Wednesday, 30 July 2008

Clearly, these claims must be investigated before the execution occurs

Thomas Arthur is to be executed Thursday for a murder another prisoner now claims he committed. Clearly, these claims must be investigated before the execution occurs

Wednesday, July 30, 2008

Thomas Arthur has been on Death Row 25 years for the murder of Troy Wicker. Twice before, he came within a day of being executed. Thursday, he is scheduled, once again, to die for this crime he claims he didn't commit.

Once again, the execution must be stopped.

Another Alabama inmate now claims he killed Wicker. Bobby Ray Gilbert claims he committed the crime as a favor to Wicker's wife, Judy. He claims he had been having an affair with Mrs. Wicker, and that she later paid him $2,000.

Gilbert's sworn statement was filed in court Tuesday in a petition that asks for DNA testing to verify the inmate's story and asks to postpone Arthur's execution until Gilbert's confession can be investigated.

Without doubt, Gilbert's claims must be met with a degree of skepticism. It wouldn't be the first time a confession like this turned out to be a fraud.

On the other hand, what Gilbert is saying can't simply be disregarded - not when there's a risk of executing the wrong man for the crime.

The case already contains enough odd twists to raise questions about Arthur's guilt. Mrs. Wicker initially told police a man broke into her home, raped her and killed her husband. At the crime scene, she appeared to have been beaten, and a rape kit was collected. Jurors didn't believe her story and convicted both her and Arthur - a work-release inmate with whom she was having an affair - of the killing.

Mrs. Wicker didn't change her story until prosecutors offered her a chance to get an early release from prison. At a subsequent trial for Arthur, she implicated him. Arthur was sentenced to death; Mrs. Wicker went free. The prosecutor in Arthur's last trial earlier had been Mrs. Wicker's lawyer.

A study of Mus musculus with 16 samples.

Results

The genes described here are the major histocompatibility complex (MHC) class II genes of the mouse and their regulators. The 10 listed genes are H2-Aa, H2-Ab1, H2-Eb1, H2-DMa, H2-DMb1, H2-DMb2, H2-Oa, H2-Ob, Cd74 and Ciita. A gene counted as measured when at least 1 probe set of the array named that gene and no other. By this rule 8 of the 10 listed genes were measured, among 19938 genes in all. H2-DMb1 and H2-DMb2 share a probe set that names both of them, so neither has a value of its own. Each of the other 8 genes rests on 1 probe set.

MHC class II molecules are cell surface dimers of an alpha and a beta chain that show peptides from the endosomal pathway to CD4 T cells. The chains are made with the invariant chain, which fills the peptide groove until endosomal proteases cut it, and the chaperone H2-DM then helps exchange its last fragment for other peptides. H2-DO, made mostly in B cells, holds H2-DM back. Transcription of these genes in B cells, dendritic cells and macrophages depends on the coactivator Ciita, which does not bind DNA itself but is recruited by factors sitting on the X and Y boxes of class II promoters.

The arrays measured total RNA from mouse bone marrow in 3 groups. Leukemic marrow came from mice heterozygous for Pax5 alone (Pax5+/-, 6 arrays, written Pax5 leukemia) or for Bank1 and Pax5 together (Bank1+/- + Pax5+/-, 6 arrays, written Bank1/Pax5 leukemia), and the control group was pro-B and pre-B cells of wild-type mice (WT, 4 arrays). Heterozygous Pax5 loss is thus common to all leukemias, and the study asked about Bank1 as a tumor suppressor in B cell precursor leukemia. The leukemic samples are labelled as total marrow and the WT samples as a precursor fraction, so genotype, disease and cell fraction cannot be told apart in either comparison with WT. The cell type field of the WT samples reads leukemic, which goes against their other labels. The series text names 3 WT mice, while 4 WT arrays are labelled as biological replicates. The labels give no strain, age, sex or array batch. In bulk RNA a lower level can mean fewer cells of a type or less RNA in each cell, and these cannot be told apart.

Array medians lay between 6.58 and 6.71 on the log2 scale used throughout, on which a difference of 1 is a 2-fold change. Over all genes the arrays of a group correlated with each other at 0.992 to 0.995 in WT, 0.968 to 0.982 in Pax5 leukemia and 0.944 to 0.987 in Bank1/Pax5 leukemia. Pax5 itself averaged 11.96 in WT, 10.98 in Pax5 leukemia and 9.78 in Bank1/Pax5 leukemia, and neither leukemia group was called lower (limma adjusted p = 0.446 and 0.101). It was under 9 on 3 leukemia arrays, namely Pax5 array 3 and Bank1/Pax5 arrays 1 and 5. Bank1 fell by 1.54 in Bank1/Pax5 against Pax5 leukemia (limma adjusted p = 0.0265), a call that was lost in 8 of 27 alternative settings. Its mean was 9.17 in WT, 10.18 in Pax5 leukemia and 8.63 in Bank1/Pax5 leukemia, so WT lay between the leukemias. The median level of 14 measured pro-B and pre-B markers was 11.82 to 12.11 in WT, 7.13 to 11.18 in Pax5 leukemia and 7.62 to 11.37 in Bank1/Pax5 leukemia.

All along, Arthur has maintained his innocence, and since DNA testing became available, he has insisted it could be used to clear him. The attorney general's office and governor's office have refused to go along with DNA testing; among other excuses, they claimed the tests wouldn't prove anything either way.

With Gilbert's statement, that's just no longer true. He claims that after shooting Troy Wicker, he had sex with Judy Wicker. If so, DNA testing of semen collected from Mrs. Wicker could at the very least show whether Gilbert is telling the truth about that.

Other facts in Gilbert's statement - names, places, etc. - also can be checked out to either bolster the veracity of his claims or to debunk them.

At least some of the statements from Gilbert mesh with some of the known facts in the case. Even so, that doesn't mean Gilbert is telling the truth. While he claims he doesn't know Arthur, Gilbert spent time in Holman Correctional Facility, where Death Row is located. He could have learned about the case there or even from newspapers.

But what if Gilbert is telling the truth? Gilbert said he began telling people last year that he killed Wicker, and even told prison officers the state shouldn't execute Arthur for the crime and that he needed to speak with Arthur's lawyers. He said he came forward only after the U.S. Supreme Court ruled that people couldn't be executed for crimes they committed as juveniles. Gilbert was 17 when Wicker was killed.

There's no way at this point to know whether Gilbert is telling the truth. But the state of Alabama can't assume he is lying and take the chance of executing an innocent man. Arthur's execution must not go forward.